Joined: 05 Feb 2015
Location: New Braunfels TX
Like Mike stated, the land is owned by someone and the state leases it to allow hunters to use it. Otherwise you lease a ranch for hunting in TX and it's private. I pay $5200 a year for my quail lease in Kent Co. TX. That's a full season lease (end of Oct. to the end of Feb) that is rare because in TX deer is king. You'll pay about half that for a after deer season quail lease (Jan-Feb)
So $49 aint so much is it
Joined: 09 Dec 2005
Location: Las Vegas
Well, that's an eye opener. Here in Nevada it's pretty much all open public land.
Although in the southern part of the state bird options are limited to Gambles quail.
And the 10+ year drought has made hunting a poor proposition.
Joined: 03 Feb 2014
Location: West Texas
$5200! I guess it's like going to Congress: bribery is king.
Yes but, on public lands there are many hunters and they are out often.
If you pay the Texas private lease price you should get exclusive hunting rights, (be sure and check before signing). So you don't bump into other hunters and the birds and deer are thicker and not as wild.
In Texas it's a rich mans hunting paradise.
_________________ 16 - The only "True" gauge
Location: Cheyenne, Wy
I'm sure Skeettx may elaborate more on what I am going to say but here goes.
The reason Texas has very little U.S. Gov't land is that when they joined the United States they were in fact a country in their own right, having won independence from Mexico in the battle of San Jacinto.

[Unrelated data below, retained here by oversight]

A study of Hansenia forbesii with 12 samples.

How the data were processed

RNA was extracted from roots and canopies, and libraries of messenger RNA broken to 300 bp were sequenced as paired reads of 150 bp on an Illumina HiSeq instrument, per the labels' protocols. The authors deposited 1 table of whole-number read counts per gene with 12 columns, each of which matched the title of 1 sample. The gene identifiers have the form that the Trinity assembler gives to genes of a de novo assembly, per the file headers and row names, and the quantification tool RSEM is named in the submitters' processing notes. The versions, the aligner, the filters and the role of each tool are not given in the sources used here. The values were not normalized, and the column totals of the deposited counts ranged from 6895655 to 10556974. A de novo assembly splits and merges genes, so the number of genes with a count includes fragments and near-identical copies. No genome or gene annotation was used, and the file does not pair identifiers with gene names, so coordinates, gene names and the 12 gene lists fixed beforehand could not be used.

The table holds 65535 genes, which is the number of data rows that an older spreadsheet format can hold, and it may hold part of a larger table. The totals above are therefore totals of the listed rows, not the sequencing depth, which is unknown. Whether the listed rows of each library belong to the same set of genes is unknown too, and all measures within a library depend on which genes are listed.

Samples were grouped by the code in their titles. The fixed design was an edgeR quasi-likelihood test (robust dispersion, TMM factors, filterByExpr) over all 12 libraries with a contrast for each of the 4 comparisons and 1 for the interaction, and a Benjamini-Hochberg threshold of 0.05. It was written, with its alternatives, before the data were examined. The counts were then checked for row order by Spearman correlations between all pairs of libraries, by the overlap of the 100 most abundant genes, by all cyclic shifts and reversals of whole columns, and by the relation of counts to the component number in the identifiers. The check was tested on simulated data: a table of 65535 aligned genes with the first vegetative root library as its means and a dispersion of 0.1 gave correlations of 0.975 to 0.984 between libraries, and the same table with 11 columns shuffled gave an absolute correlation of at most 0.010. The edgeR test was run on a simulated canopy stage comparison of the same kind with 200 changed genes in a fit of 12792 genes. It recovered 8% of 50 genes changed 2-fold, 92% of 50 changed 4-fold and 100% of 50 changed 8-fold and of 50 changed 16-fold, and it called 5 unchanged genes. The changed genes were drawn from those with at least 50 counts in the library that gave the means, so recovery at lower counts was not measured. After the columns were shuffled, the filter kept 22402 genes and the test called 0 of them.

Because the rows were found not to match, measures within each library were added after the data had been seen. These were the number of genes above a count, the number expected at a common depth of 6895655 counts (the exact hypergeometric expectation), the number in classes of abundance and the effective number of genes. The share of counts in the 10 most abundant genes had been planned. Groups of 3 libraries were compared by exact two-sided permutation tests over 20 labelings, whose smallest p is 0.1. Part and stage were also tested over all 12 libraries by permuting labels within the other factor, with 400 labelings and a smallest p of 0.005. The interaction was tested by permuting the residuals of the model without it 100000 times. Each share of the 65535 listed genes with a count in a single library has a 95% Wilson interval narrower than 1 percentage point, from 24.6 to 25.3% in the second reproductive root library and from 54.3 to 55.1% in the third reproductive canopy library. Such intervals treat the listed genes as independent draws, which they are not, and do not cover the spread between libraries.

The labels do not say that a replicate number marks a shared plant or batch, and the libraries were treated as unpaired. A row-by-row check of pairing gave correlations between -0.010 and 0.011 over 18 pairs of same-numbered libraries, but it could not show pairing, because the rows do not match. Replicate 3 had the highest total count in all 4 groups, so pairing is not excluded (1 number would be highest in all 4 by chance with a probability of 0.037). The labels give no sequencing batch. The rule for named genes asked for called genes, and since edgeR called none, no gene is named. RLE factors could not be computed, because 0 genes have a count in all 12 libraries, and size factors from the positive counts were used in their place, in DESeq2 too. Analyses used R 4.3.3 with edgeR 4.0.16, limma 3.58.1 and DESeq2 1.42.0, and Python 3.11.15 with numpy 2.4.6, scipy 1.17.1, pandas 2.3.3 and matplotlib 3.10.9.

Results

They didn't have to cede their land to a Federal gov't.
So, other than land ceded to railroads for right away, most of Texas remained in the hands of private citizens.
As far as I am concerned, what a man does with his property is his business .
I would rather have it that way, than like Wyoming where the U.S. Gov't owns approx 50% of the land, and we are subject to all the crazy regulations that the tree huggers in Washington, D.C can conjur up on any given session of Congress.
Last edited by Cheyenne08 on Tue Dec 20, 2016 4:17 pm; edited 1 time in total _________________ One man with courage makes a majority.
Public land is a double edged sword for sure, but that land belongs to each and every one of us and helps ensure that the future generations will have hunting for the general public. Federal land has more generous rules than state trust lands in Wyoming (most are closed to motorized access or camping and are treated as private land if cultivated).
Bear this in mind: a recent study concerning people who did hunt but no longer do hunt revealed that over half who were still physically able to hunt cited cost and land access as the reason they quit. Tree huggers are irrelevant, we are killing our own sport with greed in a variety of forms.
I agree that a man has every right to do as he sees fit with his own land. But like all rights, responsibilities are included. Those charging the public out of a sport are sealing their grand children's fate. Back to the aristocratic ways of jolly old England we are headed.
Anyway, enough hijacking of the original topic. I sent pertinent information to cowdoc87 in a pm that will provide a good alternative and fulfilled an ongoing urge to be helpful.